The Chinese State Administration for Market Regulation claims to have uncovered 'massive evidence' into anti-competitive behaviour by Samsung Electronics, SK Hynix, and Micron Technology, jointly responsible for the overwhelming majority of the global dynamic RAM (DRAM) market.
During an ongoing anti-monopoly investigation by the Chinese State Administration for Market Regulation, anti-monopoly bureau head Wu Zenghou is quoted by the Financial Times (subscription required) as having found considerable evidence against the three target companies: Korean Samsung Electronics, SK Hynix, and US Micron Technology. 'The anti-monopoly investigation into these three companies has made important progress,' the paper quotes Wu as claiming. '[It] has yielded massive evidence.'
The nation's investigation comes on the back of rising memory prices and a collusion suit filed in the US naming Samsung, SK Hynix, and Micron as having 'agreed to collectively raise the price of memory used in mobile phones and computers from 2016-2017, illegally inflating the price paid by consumers' and having 'agreed to limit the supply of DRAM, a critical component of phones and computers – therefore driving up prices for this widely used memory.' Reaching further back, Samsung and SK Hynix were fined by the US Department of Justice (DoJ) in 2005 and by the European Commission in 2010 in further cases of price-fixing.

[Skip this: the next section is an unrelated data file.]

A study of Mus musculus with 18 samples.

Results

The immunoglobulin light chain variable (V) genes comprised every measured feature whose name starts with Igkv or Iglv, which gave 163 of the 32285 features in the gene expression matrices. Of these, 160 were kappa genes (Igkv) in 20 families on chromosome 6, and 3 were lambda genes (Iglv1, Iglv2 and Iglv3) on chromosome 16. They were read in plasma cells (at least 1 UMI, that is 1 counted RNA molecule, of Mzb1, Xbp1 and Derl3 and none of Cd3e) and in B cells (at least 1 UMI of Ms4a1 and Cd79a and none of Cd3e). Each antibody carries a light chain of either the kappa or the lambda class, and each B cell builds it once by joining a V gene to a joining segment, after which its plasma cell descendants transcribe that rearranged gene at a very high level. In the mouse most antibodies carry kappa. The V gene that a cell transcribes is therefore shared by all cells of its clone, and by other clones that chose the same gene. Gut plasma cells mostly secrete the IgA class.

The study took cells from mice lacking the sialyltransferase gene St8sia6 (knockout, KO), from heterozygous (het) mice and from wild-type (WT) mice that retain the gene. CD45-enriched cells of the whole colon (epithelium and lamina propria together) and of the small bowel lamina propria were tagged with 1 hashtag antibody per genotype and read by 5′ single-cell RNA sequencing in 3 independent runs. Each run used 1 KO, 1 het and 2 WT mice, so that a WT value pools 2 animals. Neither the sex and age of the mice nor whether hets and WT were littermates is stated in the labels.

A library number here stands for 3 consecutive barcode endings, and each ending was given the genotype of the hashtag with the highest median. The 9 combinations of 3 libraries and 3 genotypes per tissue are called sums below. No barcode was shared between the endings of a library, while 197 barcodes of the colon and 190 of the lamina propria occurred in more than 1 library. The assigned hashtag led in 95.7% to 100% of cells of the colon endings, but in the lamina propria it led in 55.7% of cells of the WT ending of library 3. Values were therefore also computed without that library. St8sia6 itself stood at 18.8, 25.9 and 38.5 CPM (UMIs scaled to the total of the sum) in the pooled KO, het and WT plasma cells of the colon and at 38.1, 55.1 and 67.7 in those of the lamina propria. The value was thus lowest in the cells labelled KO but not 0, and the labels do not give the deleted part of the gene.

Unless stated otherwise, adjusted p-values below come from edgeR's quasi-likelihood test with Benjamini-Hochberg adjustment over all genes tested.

If found guilty, the companies could face fines of more than £2 billion, but some - including Macquarie analyst Daniel Kim - have suggested the entire investigation may simply be part of China's negotiating position in its ongoing trade war with the US, or a means of boosting native semiconductor company Fujian Jinhua Integrated Circuit, itself currently under investigation for claims it had misappropriated trade secrets from Micron in order to launch its DRAM products.
Neither Samsung, SK Hynix, nor Micron have issued comment on the investigation.